April 13, 2018 — New York
At a time when the world is polarized, and our region faces challenges of all kinds, multilateral efforts to achieve common objectives, such as the Summit of the Americas now underway in Lima, Peru, should be welcomed – and called on to deliver results.
Are such summits effective? Despite the political differences that span our continent, the fact that heads of state meet to dialogue, to strengthen the bonds of friendship and collaboration and coordinate actions, is already a significant achievement. But beyond the central theme of the summit, "Democratic Governance in the Face of Corruption" – a scourge that is the source of many headlines lately – and whether or not there is a final declaration (there has not been one in the last two summits), these forums are also relevant for the private meetings that take place, for parallel agreements reached, and for the creation of consensus on shared concerns that can help the nations of the Americas move forward.
Diplomacy is often underappreciated, even ridiculed, and takes time, but it produces results. A complex hemispheric agenda in which security, trade and migration are the primary issues can only be successfully addressed through multilateral cooperation.
Parallel to the work of governments, non-governmental actors have a role in encouraging such cooperation. For more than a decade, AJC has become a connector and voice of Jewish communities across Latin America. At our own annual regional "summit" – which we call the Strategic Forum – Jewish leaders from sister communities discuss issues of shared interest and regional trends, and analyze how, as part of civil society, they can constructively engage their respective governments to combat anti-Semitism and other bigotries, counter political and religious extremism, assure communal security, and defend democratic principles.
If the Summit of the Americas functions as a barometer of the major trends and challenges of the Hemisphere, the Strategic Forums AJC has convened find that Jewish life throughout the region is experiencing a boom. In most countries, there is a growing integration, visibility and political participation. The sad exception – unsurprisingly – is Venezuela. Due to the increasingly critical situation that affects all Venezuelans, as well as episodes of threats and official anti-Semitism, this outstanding community continues to shrink.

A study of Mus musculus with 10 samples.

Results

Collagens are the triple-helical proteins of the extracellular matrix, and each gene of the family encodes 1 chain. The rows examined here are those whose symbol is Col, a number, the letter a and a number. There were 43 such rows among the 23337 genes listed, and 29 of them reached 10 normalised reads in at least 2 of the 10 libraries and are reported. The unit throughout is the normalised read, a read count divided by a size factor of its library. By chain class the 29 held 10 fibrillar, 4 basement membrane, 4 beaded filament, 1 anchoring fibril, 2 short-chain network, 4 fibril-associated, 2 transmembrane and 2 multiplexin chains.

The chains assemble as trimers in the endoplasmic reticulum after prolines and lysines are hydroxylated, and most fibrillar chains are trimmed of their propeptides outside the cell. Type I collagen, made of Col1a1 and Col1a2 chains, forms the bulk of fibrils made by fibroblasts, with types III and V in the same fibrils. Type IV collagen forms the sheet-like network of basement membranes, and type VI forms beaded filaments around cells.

Looking outward from these communities, we celebrate that the region’s relations with Israel, in the vast majority of cases, are at their best. Country after country has identified in the Jewish State a strategic partner willing to collaborate on challenges ranging from citizen security to water management. Proof of this are the many agreements and treaties that have been signed in recent years. Fortunately, political disagreements have ceased to obscure the mutual benefits of close cooperation.
Among the greatest concerns of governments attending the current Summit must be the issue of citizen security, which encompasses measures to confront threats by terrorist organizations and organized crime – even if it does not receive the same media coverage as the fight against corruption. Sadly, the Jewish community in Argentina was the target of two of the worst terrorist attacks in the hemisphere (in 1992 and 1994), orchestrated and executed by Iran and Hezbollah. Fortunately, regional leaders have come to realize that criminal and terrorist organizations do not respect borders and must be confronted with greater coordination and political will, more resources and updated legislation.
What role should the United States, which convened the first Summit in 1994, play in fashioning a relevant and constructive agenda for the Americas? The only way it can continue to exert a positive influence is through a discourse of collaboration, and not imposition. The continuous and unjustified attacks against Mexico, its peaceful and strategic neighbor to the south whose destinies are intertwined by geographies, economies and shared families; the hate speech against Mexican immigrants, especially the Dreamers, who contribute to the prosperity of the United States every day and whose future is now in limbo; the plans to militarize the border that go against logic and the concept of a country of immigrants and refugees – all have done just the opposite of encouraging collaboration, reviving the old notion of “distant neighbors,” to quote journalist Alan Riding.
While it is unfortunate that President Trump will not be attending the Summit, it is essential that the U.S. delegation led by Vice President Pence engage fully with our “neighbors” and demonstrate – in the Summit and thereafter – a commitment to act in partnership with the rest of the Hemisphere. Only then can the contribution of this country be significant in resolving the vexing crisis in Venezuela, winning the fight against corruption, thwarting terrorism and organized crime, and advancing regional stability and the progress of our peoples.
Latin American leaders, by their willingness to dialogue and to act together in confronting the region’s challenges, set an example for the world; their continued engagement with their countries’ Jewish communities – allies and indispensable partners in the construction of their policy agendas – should be applauded and encouraged.
Dina Siegel Vann is Director of AJC’s Belfer Institute for Latino and Latin American Affairs.